Goldman Sachs: Housing-Related Employment Should Boom

Friday, 15 Feb 2013 08:47 AM

By Dan Weil


They predict in a report obtained by CNBC that housing-related jobs may start growing at a rate of 25,000 to 30,000 per month this year, perhaps doubling the 14,000 average of the past year.

But, "even at this faster rate, it will take many years before housing-related employment attains its prior highs," the report states.

Editor's Note: Billionaires Dump Stocks. Prepare for the Unthinkable.

Total non-farm payrolls gained 157,000 in January.

The housing industry suffered worse job losses than other industries during the recession and has seen less of a rebound in hiring than other industries since the downturn ended.

This is the case despite the gains in home prices, home sales and home building last year.

The home construction sector shed 42 percent, or 1.5 million, of its jobs from the 2006 peak to the early 2011 trough. Only 100,000 of those jobs have been added back since the bottom.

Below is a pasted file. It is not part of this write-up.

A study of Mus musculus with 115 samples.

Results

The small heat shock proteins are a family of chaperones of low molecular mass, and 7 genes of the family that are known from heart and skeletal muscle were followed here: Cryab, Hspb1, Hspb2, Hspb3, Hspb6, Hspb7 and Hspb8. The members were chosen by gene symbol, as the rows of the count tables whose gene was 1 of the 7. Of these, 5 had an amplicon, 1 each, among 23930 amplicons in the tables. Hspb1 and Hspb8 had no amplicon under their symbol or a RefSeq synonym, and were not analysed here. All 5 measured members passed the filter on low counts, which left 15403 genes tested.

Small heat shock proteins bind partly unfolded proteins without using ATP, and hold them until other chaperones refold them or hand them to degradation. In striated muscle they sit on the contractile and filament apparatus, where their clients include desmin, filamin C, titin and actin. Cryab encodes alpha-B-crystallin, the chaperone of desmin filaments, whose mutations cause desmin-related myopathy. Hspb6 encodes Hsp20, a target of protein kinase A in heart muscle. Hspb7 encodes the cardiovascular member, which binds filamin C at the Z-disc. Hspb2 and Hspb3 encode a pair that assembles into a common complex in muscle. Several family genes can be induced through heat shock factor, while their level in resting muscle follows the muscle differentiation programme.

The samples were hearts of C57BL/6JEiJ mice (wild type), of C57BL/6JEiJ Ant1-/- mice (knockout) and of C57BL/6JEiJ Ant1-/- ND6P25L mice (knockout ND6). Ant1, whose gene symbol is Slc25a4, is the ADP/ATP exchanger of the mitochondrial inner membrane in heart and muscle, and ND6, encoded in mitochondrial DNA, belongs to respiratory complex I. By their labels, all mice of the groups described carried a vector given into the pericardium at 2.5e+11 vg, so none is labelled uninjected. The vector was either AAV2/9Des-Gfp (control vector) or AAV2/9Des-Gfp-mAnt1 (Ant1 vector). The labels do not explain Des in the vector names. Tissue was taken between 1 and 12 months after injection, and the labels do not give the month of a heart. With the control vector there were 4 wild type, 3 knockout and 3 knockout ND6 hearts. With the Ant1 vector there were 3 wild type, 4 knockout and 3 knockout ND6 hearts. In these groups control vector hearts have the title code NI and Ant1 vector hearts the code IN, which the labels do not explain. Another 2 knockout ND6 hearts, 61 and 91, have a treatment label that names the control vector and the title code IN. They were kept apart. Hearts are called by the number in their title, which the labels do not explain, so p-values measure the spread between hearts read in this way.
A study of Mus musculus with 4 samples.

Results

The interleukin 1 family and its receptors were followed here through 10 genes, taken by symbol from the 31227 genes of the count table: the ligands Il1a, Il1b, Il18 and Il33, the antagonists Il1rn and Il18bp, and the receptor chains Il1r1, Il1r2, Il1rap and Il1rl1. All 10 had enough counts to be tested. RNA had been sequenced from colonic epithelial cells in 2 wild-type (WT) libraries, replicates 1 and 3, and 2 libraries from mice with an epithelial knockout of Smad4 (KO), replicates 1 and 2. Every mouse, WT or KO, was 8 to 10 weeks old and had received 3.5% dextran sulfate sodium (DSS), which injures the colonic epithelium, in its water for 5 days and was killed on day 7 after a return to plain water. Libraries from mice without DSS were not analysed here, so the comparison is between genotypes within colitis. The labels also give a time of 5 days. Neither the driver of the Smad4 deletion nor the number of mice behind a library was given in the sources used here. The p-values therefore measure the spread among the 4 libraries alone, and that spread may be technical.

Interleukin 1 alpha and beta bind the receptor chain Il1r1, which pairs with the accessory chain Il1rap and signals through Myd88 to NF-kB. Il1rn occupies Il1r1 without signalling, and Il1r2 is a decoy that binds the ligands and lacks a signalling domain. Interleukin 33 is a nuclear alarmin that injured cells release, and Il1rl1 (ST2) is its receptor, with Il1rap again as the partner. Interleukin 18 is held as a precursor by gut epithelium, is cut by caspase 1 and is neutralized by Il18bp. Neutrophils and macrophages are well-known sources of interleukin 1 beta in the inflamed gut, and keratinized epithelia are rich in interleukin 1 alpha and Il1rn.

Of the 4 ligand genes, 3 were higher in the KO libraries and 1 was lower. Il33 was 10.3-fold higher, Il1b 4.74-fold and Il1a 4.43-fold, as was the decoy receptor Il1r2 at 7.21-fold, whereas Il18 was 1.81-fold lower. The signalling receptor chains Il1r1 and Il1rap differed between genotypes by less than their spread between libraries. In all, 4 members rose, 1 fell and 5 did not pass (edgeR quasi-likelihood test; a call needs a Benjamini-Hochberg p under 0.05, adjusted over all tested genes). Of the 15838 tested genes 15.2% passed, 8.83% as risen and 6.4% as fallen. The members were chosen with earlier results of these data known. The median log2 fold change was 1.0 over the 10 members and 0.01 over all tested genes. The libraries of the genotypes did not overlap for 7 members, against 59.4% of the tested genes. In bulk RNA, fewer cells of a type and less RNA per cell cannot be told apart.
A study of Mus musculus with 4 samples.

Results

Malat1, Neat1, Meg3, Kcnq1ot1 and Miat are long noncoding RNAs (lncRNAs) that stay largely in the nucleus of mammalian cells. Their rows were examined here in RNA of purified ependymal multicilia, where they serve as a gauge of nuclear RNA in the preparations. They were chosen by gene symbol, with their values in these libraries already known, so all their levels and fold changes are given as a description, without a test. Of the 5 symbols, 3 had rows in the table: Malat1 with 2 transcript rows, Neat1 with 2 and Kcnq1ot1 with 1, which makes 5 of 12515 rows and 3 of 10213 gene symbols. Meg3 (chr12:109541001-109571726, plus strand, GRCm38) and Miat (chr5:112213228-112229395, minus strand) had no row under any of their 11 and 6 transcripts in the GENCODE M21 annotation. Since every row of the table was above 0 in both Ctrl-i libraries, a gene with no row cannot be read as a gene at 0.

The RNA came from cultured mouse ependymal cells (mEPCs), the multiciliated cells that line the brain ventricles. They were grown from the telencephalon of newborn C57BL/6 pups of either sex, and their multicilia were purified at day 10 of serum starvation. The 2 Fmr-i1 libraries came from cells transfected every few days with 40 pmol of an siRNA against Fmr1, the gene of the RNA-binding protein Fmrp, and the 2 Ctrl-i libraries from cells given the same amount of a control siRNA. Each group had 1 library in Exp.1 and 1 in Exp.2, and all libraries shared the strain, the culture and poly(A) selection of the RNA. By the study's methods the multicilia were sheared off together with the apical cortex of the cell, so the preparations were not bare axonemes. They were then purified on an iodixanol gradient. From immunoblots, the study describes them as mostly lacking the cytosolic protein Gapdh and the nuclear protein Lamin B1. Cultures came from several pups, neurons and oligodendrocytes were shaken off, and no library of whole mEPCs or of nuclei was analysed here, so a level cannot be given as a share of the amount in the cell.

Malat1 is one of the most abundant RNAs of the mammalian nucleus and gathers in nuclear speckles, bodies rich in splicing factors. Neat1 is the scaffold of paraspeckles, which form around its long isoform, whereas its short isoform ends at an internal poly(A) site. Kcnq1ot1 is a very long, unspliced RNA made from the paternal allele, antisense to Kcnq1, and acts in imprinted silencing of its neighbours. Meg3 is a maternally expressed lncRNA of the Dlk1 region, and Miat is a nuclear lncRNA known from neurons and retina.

A reluctance to fire even more workers during housing’s slump may be the cause of a reluctance to hire them during the recovery, the report says.

Fueling the future job gains will be 10 to 15 percent growth in real residential investment this year and next, Goldman economists forecast.

Yale economist Robert Shiller is much less enthusiastic about the housing market.

For the next five years, home prices could easily rise 1 to 2 percent annually, but they could easily fall by that amount too, he tells CNBC. “It's sort of flat.”

Home sales rose 9.2 percent last year, and single-family home prices gained in 88 percent of U.S. cities in the fourth quarter.

It’s difficult to know how much of the recent strength stems from seasonal factors, Shiller says
“I'm not confident at all that it will keep going up.”

Editor's Note: Billionaires Dump Stocks. Prepare for the Unthinkable.